Mindfulness meditation training alters how we process fearful memories

Learning not to fear.


A typical method to treat anxiety disorders is to expose patients to the anxiety-provoking stimulus in a safe environment until it never again evokes fear, a procedure known as exposure therapy. This exposure gives a chance to discover that these stimuli are not threatening and thereby encourage adaptive regulation of emotional responses.

To be successful, first, new memory must be created between the stimulus and a feeling of safety, then the ‘safety memory,’ rather than the original fearful memory, must be recalled when the stimulus is presented again in a new environment.

Mindfulness meditation has been proposed to provide an optimal condition for exposure therapy because it involves experiencing the present moment with an open, curious, and nonreactive mindset.

Different studies have suggested that mindfulness meditation programs are useful for diminishing anxiety. However, the mechanisms were obscure.

In a new study, scientists at the Harvard Gazette explored enhanced learning of the ‘safety’ signal as one mechanism through which mindfulness can enable people to have a less reactive and more adaptive response to anxiety– inciting stimuli. The study reports that mindfulness meditation appears to help extinguish fearful associations.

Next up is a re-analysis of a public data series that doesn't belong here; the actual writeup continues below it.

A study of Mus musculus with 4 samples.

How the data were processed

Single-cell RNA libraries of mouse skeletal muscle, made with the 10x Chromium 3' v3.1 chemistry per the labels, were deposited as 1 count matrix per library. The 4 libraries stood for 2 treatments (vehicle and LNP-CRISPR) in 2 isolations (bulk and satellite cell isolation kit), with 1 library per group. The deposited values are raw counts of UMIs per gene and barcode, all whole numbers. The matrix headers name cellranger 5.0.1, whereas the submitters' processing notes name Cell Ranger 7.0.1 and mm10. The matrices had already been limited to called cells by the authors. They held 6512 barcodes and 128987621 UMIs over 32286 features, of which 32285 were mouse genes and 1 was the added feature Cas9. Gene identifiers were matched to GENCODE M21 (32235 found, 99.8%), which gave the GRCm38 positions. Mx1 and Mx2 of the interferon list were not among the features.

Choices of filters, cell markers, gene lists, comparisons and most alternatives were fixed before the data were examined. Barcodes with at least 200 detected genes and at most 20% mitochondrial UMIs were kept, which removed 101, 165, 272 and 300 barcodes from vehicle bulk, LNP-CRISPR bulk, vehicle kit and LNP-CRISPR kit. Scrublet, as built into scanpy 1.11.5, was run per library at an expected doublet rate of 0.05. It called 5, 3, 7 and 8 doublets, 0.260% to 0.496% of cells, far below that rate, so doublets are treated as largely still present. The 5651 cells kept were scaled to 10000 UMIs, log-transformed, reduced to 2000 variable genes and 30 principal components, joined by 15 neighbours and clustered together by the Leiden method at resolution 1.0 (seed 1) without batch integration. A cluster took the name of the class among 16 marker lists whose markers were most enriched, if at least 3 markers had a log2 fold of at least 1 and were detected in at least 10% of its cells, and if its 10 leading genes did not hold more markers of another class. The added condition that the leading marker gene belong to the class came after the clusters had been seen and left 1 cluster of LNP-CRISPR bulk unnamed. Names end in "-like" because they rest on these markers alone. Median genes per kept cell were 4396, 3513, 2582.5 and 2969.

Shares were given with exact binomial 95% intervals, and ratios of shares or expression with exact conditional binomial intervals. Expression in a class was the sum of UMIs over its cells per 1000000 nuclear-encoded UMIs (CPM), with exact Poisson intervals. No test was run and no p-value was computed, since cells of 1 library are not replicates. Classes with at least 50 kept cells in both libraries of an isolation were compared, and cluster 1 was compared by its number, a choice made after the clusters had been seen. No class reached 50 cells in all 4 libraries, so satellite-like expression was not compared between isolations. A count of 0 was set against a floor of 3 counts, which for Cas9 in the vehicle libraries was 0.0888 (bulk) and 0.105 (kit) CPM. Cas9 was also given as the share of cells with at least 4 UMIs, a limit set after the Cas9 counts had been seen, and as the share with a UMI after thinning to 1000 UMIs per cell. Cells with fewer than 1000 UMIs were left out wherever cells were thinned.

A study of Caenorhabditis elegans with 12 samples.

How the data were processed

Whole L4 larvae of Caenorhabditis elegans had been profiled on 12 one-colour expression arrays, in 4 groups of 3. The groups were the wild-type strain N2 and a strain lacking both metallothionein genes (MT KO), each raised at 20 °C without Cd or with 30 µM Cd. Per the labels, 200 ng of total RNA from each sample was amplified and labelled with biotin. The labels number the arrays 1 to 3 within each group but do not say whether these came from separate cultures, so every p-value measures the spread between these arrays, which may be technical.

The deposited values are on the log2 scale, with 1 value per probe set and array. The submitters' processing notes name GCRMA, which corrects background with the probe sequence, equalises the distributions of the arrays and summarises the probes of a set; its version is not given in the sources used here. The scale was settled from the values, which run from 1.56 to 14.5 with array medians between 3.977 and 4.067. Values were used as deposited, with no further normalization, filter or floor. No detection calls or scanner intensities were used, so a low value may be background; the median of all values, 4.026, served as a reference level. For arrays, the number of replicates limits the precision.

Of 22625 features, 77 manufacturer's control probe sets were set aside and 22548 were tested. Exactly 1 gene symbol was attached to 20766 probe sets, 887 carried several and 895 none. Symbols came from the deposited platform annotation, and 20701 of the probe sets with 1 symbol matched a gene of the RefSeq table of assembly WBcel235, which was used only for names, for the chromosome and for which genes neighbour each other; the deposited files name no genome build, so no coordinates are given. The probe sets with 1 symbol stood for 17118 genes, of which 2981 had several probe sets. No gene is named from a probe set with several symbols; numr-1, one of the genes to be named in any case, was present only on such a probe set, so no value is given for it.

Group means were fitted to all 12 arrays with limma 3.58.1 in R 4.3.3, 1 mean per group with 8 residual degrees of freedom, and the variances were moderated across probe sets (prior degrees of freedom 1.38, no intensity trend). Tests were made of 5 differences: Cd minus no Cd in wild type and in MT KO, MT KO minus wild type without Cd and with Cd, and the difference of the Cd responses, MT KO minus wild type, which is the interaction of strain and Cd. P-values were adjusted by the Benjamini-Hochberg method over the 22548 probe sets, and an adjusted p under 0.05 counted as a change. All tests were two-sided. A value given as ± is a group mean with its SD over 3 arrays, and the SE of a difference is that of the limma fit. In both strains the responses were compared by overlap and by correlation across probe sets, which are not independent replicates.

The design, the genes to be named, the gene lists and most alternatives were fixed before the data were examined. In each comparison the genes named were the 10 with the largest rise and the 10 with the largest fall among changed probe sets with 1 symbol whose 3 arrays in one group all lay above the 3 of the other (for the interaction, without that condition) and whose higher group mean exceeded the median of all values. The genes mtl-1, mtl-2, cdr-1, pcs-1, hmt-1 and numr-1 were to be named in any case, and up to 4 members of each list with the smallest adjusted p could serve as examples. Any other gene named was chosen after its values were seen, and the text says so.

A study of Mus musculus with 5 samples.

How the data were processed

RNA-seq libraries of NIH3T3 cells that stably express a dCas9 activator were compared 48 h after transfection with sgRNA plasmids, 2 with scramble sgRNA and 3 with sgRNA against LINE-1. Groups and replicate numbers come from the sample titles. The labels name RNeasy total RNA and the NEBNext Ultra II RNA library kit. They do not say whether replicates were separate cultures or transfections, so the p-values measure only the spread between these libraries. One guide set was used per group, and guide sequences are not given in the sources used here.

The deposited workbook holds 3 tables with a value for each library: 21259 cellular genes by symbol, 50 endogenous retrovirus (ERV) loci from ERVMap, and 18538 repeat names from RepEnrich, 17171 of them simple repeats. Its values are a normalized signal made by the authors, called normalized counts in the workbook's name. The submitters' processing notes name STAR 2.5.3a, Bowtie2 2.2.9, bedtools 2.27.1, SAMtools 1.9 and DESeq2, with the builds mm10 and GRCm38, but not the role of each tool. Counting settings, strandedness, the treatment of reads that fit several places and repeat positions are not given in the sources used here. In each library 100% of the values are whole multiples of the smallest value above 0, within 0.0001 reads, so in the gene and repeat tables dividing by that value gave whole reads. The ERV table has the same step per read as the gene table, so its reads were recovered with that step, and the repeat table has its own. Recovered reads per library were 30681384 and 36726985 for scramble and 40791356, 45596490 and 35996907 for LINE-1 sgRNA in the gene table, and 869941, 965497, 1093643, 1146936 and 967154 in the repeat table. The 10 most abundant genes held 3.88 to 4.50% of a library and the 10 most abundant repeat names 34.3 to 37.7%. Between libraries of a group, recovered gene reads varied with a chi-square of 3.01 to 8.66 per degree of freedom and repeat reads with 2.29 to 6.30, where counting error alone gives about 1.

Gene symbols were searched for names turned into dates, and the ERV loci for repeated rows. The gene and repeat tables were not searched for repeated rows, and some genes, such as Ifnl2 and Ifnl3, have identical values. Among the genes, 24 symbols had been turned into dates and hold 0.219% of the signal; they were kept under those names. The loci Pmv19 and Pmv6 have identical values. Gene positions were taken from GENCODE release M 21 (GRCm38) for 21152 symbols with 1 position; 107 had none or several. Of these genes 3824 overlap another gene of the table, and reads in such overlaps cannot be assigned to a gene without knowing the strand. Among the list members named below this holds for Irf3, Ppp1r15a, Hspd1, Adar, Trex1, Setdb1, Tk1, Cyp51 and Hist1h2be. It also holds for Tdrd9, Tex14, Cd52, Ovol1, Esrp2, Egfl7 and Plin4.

Scientists used MRI brain scans and a fear-conditioning task to examine changes in neural networks associated with attention and memory following mindfulness meditation training. Forty-two participants completed an eight-week, mindfulness-based stress-reduction program in which they learned formal meditation and yoga practices.

Another 25 participants were randomized to an eight-week, exercise-based stress-management control group, in which they were taught about the impact of stress and performed light aerobic exercise. Scientists identified that changes in the hippocampus after mindfulness training were associated with enhanced ability to recall the safety memory, and thus respond more adaptively.

Gunes Sevinc, the first author of the paper, who is a postdoctoral research fellow at MGH, said, “Mindfulness training may improve emotion regulation though changing neurobiological responses associated with our ability to remember that a stimulus is no longer threatening.”

Sara Lazar of the MGH Psychiatric Neuroimaging Research Program said, “Fear and anxiety have a habitual component to them— the memory of something that provoked fear in the past will trigger a habitual fear response when we are reminded of the event, even if there is no actual present-moment threat. The data indicate that mindfulness can help us recognize that some fear reactions are disproportional to the threat, and thus reduces the fear response to those stimuli. Mindfulness can also enhance our ability to remember this new, less-fearful reaction, and break the anxiety habit.”

Other authors on the study were Britta K. Hölzel, Jonathan Greenberg, Tim Gard, Vincent Brunsch, Javaria A. Hashmi, Mark Vangel, Scott P. Orr, and Mohammed R. Milad.